1. Geoffrey T Fong1,2,3,
  2. Janet Chung-Hall1,
  3. Lorraine Craig1
  4. for the WHO FCTC Impact Assessment Expert Group
    1. 1 Department of Psychology, University of Waterloo, Waterloo, Ontario, Canada
    2. 2 School of Public Health and Health Systems, Waterloo, Ontario, Canada
    3. 3 Ontario Institute for Cancer Research, Toronto, Ontario, Canada
    1. Correspondence to Professor Geoffrey T Fong, Department of Psychology, University of Waterloo, Waterloo ON N2L 3G1, Canada; gfong{at}


    Background At its sixth meeting (Moscow, November 2014), the Conference of the Parties (COP) adopted decision FCTC/COP6(13) that called for an impact assessment to ‘examine the impact of the WHO Framework Convention on Tobacco Control (FCTC) on the implementation of tobacco control measures and on the effectiveness of its implementation’ after its first 10 years. An independent expert group (EG) was established to conduct the impact assessment, and report their findings at COP7 (Delhi, November 2016). This article describes the methodology used by the EG to conduct the first comprehensive multi-method assessment of the possible causal impact of the FCTC on global tobacco control over the past decade.

    Methods The EG developed and followed a four-stage process model to conduct the impact assessment: (1) desk review of literature on FCTC impact; (2) collection and analysis of interview data from 12 country missions; (3) data synthesis and interpretation; and (4) preparation of a final report.

    Conclusions The EG developed and engaged in a transparent and systematic process to conduct the FCTC impact assessment. The methods employed were rigorous, and explicitly guided by concerns about the difficulty of ascribing cause-and-effect relations. The EG’s report and supporting documents represent important sources of the positive impact of the Convention over its first decade. As development of the FCTC increasingly shifts to mechanisms for accelerating global implementation, the EG’s process model can be used as a methodology to assist Parties in carrying out their own assessments of the impact of the Treaty.

    • WHO FCTC
    • impact assessment
    • research design


    • Funding This paper was supported by grants from Health Canada and the Canadian Institutes of Health Research (FDN-148477). Geoffrey T. Fong was supported by a Senior Investigator Grant from the Ontario Institute for Cancer Research.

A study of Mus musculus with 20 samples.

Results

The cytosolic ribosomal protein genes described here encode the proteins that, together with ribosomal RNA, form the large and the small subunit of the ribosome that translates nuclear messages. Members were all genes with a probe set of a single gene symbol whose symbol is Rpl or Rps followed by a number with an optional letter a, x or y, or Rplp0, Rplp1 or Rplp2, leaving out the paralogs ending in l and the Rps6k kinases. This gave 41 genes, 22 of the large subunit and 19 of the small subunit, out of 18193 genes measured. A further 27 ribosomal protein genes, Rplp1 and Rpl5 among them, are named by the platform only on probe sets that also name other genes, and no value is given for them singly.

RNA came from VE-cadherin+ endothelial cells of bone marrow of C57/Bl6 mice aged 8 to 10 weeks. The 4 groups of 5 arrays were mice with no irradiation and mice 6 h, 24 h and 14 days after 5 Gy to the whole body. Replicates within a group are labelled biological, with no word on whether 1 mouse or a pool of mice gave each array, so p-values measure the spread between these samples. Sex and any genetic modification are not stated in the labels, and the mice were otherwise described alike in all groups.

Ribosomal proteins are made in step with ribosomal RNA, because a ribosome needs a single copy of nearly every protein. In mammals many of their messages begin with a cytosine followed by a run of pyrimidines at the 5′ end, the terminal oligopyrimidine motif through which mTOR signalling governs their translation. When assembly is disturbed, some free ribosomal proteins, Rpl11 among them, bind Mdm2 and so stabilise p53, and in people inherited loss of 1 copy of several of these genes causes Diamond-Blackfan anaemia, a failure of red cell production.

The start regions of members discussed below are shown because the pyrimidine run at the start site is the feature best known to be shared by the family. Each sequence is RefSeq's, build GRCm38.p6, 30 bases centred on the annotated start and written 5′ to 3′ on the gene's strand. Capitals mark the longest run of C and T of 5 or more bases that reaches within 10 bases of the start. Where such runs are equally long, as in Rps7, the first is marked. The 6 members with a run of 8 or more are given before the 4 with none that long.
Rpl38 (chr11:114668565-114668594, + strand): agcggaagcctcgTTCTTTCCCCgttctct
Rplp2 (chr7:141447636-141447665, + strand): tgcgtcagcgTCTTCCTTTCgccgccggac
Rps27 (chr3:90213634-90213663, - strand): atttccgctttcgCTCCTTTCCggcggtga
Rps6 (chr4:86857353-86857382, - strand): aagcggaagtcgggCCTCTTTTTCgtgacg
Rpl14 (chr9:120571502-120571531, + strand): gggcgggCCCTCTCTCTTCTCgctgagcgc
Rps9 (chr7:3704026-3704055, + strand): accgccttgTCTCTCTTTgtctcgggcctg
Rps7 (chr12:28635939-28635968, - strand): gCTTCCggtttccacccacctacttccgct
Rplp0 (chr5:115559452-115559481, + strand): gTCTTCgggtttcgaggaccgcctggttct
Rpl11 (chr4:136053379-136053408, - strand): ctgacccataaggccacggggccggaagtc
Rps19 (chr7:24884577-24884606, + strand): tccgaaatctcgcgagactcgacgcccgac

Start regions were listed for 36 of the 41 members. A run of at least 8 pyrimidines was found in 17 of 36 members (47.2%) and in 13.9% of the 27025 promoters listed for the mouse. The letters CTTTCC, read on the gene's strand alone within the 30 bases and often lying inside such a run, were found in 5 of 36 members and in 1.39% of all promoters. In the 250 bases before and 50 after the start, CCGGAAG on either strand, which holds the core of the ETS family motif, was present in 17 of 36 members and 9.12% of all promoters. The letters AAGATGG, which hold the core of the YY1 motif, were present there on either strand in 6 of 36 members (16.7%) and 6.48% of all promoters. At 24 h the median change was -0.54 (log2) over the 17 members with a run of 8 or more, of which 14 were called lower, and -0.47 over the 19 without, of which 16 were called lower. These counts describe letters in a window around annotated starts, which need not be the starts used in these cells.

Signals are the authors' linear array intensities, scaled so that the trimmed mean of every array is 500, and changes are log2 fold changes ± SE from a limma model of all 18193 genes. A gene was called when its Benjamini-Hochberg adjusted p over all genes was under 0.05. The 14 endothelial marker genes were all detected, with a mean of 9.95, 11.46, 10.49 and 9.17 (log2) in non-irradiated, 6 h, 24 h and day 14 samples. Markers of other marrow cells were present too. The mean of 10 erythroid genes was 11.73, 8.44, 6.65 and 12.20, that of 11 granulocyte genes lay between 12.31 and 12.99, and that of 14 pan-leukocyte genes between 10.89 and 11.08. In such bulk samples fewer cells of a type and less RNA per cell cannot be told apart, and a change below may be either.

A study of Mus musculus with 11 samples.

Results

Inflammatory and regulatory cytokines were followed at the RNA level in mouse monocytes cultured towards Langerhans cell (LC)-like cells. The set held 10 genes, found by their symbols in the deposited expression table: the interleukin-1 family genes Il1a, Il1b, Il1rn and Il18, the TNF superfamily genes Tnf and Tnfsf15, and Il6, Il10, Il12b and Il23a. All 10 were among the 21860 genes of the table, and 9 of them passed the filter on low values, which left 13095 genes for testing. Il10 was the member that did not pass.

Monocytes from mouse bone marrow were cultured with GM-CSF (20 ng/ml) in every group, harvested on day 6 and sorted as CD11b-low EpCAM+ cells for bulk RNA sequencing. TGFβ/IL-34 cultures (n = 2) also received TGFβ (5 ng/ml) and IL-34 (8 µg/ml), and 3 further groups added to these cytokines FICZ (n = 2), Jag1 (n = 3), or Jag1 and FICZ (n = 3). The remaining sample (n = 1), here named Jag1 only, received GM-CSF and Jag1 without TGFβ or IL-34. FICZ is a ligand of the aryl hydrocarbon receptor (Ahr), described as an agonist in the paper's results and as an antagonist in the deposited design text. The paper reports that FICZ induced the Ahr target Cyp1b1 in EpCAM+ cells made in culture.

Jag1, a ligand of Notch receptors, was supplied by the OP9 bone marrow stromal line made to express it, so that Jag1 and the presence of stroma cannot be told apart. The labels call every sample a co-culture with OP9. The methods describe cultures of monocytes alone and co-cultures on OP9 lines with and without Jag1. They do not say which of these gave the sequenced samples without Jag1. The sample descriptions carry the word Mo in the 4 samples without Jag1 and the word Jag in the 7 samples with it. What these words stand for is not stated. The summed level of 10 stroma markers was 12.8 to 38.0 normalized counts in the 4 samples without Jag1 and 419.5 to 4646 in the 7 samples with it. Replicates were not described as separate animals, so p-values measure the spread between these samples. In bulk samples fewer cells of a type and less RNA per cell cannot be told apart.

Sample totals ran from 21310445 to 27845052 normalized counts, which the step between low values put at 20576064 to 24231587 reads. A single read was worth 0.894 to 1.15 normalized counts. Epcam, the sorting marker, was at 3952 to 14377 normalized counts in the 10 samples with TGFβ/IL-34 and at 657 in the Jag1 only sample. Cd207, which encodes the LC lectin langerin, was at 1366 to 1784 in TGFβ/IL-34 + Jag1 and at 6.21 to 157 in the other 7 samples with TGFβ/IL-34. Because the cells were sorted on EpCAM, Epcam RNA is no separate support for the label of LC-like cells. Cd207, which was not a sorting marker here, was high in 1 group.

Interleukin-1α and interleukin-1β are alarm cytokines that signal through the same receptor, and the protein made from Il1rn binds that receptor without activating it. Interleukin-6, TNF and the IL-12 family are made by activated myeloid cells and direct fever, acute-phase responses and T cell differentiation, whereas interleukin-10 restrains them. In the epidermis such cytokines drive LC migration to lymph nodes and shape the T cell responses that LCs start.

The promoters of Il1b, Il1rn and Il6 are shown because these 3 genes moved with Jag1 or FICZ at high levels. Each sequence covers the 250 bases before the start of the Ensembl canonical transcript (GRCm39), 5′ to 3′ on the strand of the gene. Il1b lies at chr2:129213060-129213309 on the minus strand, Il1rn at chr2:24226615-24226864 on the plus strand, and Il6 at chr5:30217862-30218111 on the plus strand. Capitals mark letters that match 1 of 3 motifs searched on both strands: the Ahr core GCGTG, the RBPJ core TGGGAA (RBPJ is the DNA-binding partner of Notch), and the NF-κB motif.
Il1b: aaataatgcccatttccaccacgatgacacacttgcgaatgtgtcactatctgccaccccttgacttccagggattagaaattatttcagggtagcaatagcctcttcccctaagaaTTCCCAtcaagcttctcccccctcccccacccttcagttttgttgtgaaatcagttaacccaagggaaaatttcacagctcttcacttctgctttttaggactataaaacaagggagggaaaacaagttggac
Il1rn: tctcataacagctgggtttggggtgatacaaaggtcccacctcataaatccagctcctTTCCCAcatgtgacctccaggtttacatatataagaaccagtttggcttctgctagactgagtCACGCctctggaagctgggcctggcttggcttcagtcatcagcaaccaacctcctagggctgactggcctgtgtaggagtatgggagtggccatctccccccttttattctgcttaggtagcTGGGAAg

• Disclaimer The Impact Assessment Expert Group was independent of both the WHO and the FCTC Secretariat in the preparation of its report and of this article. GF received honorarium from the Secretariat of the WHO FCTC for his work as member of the impact assessment expert group.

    • Competing interests GTF has served as an expert witness on behalf of governments in litigation involving the tobacco industry.

    • Provenance and peer review Not commissioned; externally peer reviewed.

    • Collaborators Pekka Puska (Chair), National Institute for Health and Welfare, Helsinki, Finland Mike Daube (Vice-Chair), Curtin University, Perth, Western Australia Geoffrey T. Fong (Technical Coordinator), University of Waterloo, Waterloo, Ontario, Canada and Ontario Institute for Cancer Research, Toronto, Ontario, Canada Sudhir Gupta, Directorate General of Health Services, Ministry of Health and Family Welfare, New Delhi, India Thomas F. McInerney, Treaty Effectiveness Initiative, Rome, Italy Corne van Walbeek, University of Cape Town, Cape Town, South Africa Ghazi Zaatari, American University of Beirut, Beirut, Lebanon

    • Correction notice This article has been corrected since it was published Online First. The author affiliations have been amended. The original release of this article also stated incorrectly that the authors were WHO staff members. In fact, the Impact Assessment Expert Group was independent of both the WHO and the FCTC Secretariat in the preparation of its report and of this article.

    • Patient consent for publication Not required.